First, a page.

Local News
1:40 pm
Fri October 25, 2013

Louisville Leaders Outline How Far Anti-Violence Efforts Have Come, Where They're Headed

Louisville officials have outlined progress from its violence prevention work over the past year and have provided a number of long-term goals that include supporting ex-convicts and continuing to build partnerships around the city.

Participants in Louisville's anti-violence efforts pose for a picture following the one-year progress report.

It was over a year ago that city, business and community leaders convened in Metro Hall following high-profile shootings in Louisville’s Parkland neighborhood. They were trying to answer the question of how to address the city’s violent crime.

“Nobody was pointing figures. Everybody was just saying how can I help?” Mayor Greg Fischer says.

It was a wakeup call for the community, he says.

On Friday, city officials presented the one-year progress report—called Louisville’s Blueprint for Safe and Healthy Neighborhoods—of Louisville’s Violence Prevention Task Force, which was formed after the shootings and which recommended 42 actions to prevent violent crime last year.

The Blueprint has outlined five areas of concentration including community and family building, education, employment and economic development, health and social wellness, and juvenile and criminal justice. The plan will act as a guide when determining which programs or initiatives to implement.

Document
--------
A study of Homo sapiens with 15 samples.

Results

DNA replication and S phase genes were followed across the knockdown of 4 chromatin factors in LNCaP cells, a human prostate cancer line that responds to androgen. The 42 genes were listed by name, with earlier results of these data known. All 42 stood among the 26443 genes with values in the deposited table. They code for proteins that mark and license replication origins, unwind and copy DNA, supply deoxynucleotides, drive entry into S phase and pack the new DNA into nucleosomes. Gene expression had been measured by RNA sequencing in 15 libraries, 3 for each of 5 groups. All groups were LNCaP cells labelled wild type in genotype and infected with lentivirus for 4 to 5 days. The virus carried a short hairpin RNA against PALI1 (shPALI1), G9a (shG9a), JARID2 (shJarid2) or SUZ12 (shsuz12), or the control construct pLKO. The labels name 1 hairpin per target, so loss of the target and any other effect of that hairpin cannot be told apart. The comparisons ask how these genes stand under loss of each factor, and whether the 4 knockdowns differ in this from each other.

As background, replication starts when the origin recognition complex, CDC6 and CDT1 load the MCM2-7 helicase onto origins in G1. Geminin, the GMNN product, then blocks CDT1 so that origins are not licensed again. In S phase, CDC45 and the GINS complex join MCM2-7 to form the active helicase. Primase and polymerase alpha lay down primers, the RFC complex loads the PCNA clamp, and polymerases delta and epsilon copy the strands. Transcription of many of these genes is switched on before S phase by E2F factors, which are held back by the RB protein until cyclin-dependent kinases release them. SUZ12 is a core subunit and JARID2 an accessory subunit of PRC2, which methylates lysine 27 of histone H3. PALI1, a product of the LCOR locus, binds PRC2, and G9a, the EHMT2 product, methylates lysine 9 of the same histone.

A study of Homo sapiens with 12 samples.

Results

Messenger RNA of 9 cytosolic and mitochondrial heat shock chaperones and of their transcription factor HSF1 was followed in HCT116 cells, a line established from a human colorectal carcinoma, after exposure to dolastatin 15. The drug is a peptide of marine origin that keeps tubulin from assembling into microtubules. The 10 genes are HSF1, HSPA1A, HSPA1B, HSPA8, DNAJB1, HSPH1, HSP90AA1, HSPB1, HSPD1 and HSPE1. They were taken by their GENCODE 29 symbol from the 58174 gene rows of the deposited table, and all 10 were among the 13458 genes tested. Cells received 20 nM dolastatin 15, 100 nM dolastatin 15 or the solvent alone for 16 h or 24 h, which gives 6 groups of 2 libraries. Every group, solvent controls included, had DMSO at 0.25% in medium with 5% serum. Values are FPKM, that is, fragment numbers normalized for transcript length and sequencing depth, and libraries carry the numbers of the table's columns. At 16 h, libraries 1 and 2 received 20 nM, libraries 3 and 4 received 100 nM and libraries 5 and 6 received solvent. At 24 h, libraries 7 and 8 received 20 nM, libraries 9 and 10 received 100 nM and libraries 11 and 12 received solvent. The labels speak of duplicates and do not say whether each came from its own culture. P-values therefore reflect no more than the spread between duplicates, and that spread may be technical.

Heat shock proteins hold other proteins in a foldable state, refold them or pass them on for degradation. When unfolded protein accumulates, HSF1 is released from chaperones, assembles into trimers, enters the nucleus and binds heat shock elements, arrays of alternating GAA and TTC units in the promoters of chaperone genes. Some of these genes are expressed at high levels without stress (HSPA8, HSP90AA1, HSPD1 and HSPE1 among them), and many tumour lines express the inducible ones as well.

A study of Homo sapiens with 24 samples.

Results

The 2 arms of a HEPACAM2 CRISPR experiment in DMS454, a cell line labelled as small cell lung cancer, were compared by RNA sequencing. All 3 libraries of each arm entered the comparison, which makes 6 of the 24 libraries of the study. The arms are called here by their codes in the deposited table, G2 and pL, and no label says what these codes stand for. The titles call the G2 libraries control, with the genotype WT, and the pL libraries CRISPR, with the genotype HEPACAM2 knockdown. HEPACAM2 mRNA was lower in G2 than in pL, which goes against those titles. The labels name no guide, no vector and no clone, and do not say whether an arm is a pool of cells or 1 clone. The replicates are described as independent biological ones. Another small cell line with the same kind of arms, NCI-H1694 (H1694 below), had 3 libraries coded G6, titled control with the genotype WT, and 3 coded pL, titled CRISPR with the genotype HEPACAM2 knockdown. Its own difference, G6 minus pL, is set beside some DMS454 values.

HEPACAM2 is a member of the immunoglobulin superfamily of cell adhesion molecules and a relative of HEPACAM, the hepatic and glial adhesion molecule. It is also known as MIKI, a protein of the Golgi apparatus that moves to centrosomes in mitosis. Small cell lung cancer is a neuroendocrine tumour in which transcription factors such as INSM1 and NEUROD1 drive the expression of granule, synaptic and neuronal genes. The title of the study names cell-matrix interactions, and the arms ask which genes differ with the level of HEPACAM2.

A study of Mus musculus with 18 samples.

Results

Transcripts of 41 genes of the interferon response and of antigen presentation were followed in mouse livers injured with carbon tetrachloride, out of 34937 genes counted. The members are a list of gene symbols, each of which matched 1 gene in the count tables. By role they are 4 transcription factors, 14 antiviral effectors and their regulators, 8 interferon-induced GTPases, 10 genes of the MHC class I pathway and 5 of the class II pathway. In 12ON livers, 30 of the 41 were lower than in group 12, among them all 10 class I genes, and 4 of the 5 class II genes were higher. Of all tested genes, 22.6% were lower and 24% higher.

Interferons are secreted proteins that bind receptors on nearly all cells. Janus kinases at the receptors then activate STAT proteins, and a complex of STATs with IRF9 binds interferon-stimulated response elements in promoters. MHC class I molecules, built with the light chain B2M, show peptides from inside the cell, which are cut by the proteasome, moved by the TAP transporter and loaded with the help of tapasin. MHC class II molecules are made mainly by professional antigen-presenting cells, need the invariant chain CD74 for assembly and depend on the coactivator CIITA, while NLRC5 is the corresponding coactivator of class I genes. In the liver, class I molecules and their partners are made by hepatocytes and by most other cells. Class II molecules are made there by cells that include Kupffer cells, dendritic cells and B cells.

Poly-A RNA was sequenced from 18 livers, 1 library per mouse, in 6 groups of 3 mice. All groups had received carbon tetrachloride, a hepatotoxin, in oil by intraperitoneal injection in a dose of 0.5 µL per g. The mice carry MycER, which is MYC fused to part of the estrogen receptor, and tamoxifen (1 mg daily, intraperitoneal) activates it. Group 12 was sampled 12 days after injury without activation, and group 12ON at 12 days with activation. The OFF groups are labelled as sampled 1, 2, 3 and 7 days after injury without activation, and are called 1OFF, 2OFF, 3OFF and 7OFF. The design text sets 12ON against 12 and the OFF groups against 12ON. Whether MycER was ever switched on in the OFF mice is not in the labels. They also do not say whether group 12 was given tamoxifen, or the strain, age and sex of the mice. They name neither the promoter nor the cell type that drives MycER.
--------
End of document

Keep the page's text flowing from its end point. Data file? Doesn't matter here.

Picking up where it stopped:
Over the next few months the framework will guide specific actions and those who will be responsible. The initiatives developed will be done through community partnerships and guided, in part, by a 30-member Safe Neighborhoods Advisory Committee.

Some of the task force's original recommendations—like crisis response teams that help mitigate situations in communities following violent crime—have been carried out by Metro Government, but many of the initiatives are expected to be led by organizations and community leaders, says Anthony Smith, the city’s director of safe neighborhoods.

Smith—who started working with the city in March—says one long-term issue the city wants to tackle will be to increase opportunities for ex-convicts.

Louisville may look to Washington D.C., Smith says, which offers a one-stop shop for citizens returning home from incarceration and who need help with housing and employment. 

“How do we create a comprehensive center here, would be something I would really be interested in seeing and figuring out how we can do that,” says Smith.

Kentucky may also consider legislation next year to restore voting rights for ex-offenders.

Overall crime is down this year, officials say. In 2012, homicides and aggravated assault were up.

Homicides are down 17 percent when compared to the same time last year and aggravated assault is down around 8 percent, Louisville Metro Police Chief Steve Conrad told WFPL.

“My concern is, even though those sound like big percentages we’re not talking about many victims,” he says.

“What’s so exciting about his collaborative, coordinated approach is we start to address some of the root causes of violence in our community. Our hope is we can do a better job of raising a generation of young people that have more opportunity and are in the position to make better choices,” says Conrad.

Fischer says he doesn’t want the work of the violence task force performed over the last year to “sit on a shelf.”

“We intend for these plans to be breathing, working plans that guide our work to make every neighborhood in the city as a safe neighborhood, that these plans are monitored, they’re diagnosed, they evolve as they need to evolve as we learn more things,” Fischer says.

The Blueprint is the first phase of a multi-year plan and initiatives will be developed based on data, best practices and needs of the community, Smith says.